Some members of the U.K. Parliament want the home secretary to revoke the Syrian first lady's U.K. citizenship.
Liberal and conservative MPs have been quoted by various U.K. news outlets as saying Asma al-Assad needs to make a choice: stop defending her husband's regime or lose her citizenship.
Assad, who was born in England, has been married to Syrian President Bashar al-Assad since 2000. That's also the year he assumed leadership of Syria following his father's death.
Though he has denied it, U.S. officials say Assad's regime has launched chemical attacks on civilians.
Asma al-Assad has made more public appearances in recent months. In a rare TV interview in October, she told a Russian TV outlet that she declined offers of asylum for herself and her children. She called the offers "a deliberate attempt to shatter people's confidence in their president."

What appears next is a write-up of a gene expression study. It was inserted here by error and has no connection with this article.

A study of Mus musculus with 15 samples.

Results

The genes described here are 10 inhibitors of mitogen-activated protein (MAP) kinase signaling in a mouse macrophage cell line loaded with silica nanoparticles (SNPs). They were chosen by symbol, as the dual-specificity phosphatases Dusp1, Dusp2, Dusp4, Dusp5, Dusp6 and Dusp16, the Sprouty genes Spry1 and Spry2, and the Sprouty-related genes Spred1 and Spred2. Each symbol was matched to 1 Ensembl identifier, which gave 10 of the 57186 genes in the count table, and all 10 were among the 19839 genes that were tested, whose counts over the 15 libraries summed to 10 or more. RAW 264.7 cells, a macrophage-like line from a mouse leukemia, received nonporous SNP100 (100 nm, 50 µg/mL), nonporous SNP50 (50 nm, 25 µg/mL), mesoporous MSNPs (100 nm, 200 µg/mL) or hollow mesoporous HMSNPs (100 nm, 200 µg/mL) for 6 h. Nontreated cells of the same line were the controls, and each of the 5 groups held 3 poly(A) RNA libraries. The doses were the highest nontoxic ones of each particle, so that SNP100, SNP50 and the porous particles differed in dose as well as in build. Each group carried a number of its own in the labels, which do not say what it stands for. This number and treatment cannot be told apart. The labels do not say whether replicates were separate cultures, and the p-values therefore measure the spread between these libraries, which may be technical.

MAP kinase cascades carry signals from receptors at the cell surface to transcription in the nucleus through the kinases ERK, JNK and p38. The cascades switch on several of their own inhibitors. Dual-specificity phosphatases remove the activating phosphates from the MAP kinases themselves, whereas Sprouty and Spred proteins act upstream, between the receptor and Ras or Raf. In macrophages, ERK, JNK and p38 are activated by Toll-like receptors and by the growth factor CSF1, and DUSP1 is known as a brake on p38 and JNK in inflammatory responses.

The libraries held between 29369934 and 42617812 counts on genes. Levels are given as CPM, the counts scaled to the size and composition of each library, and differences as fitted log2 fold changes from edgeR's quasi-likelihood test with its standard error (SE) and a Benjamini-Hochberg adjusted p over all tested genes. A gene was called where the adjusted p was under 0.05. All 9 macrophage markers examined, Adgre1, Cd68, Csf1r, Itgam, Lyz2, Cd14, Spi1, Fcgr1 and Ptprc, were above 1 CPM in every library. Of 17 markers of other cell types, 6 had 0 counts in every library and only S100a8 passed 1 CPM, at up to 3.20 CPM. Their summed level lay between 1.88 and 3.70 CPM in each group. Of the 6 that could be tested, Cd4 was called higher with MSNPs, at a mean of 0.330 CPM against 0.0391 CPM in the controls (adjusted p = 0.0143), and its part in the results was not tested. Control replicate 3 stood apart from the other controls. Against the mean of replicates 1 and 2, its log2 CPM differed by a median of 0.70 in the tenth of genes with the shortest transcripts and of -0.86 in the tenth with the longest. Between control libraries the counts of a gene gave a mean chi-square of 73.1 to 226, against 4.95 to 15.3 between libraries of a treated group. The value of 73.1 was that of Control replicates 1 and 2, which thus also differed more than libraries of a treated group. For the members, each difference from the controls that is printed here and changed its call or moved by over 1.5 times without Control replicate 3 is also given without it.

Photos and video of her have appeared more frequently on the Syrian presidency's social media accounts, as well as ones bearing her name.
An April 7 post on her purported Facebook account shared a statement from the Syrian presidency. The statement condemned U.S. strikes on a Syrian airfield, calling the actions "a naive pursuit of a frenzied false propaganda campaign."
Asma al-Assad grew up and attended college in London. She worked in banking in New York and Paris before marrying President Assad.
The couple met during the early '90s, while Bashar was studying to be an ophthalmologist in London. He wasn't expected to inherit the Syrian presidency, but his older brother's death in 1994 changed that.
Early in his presidency, Bashar and Asma al-Assad visited the U.K. and made stops at the hospital where he trained and her childhood neighborhood in west London.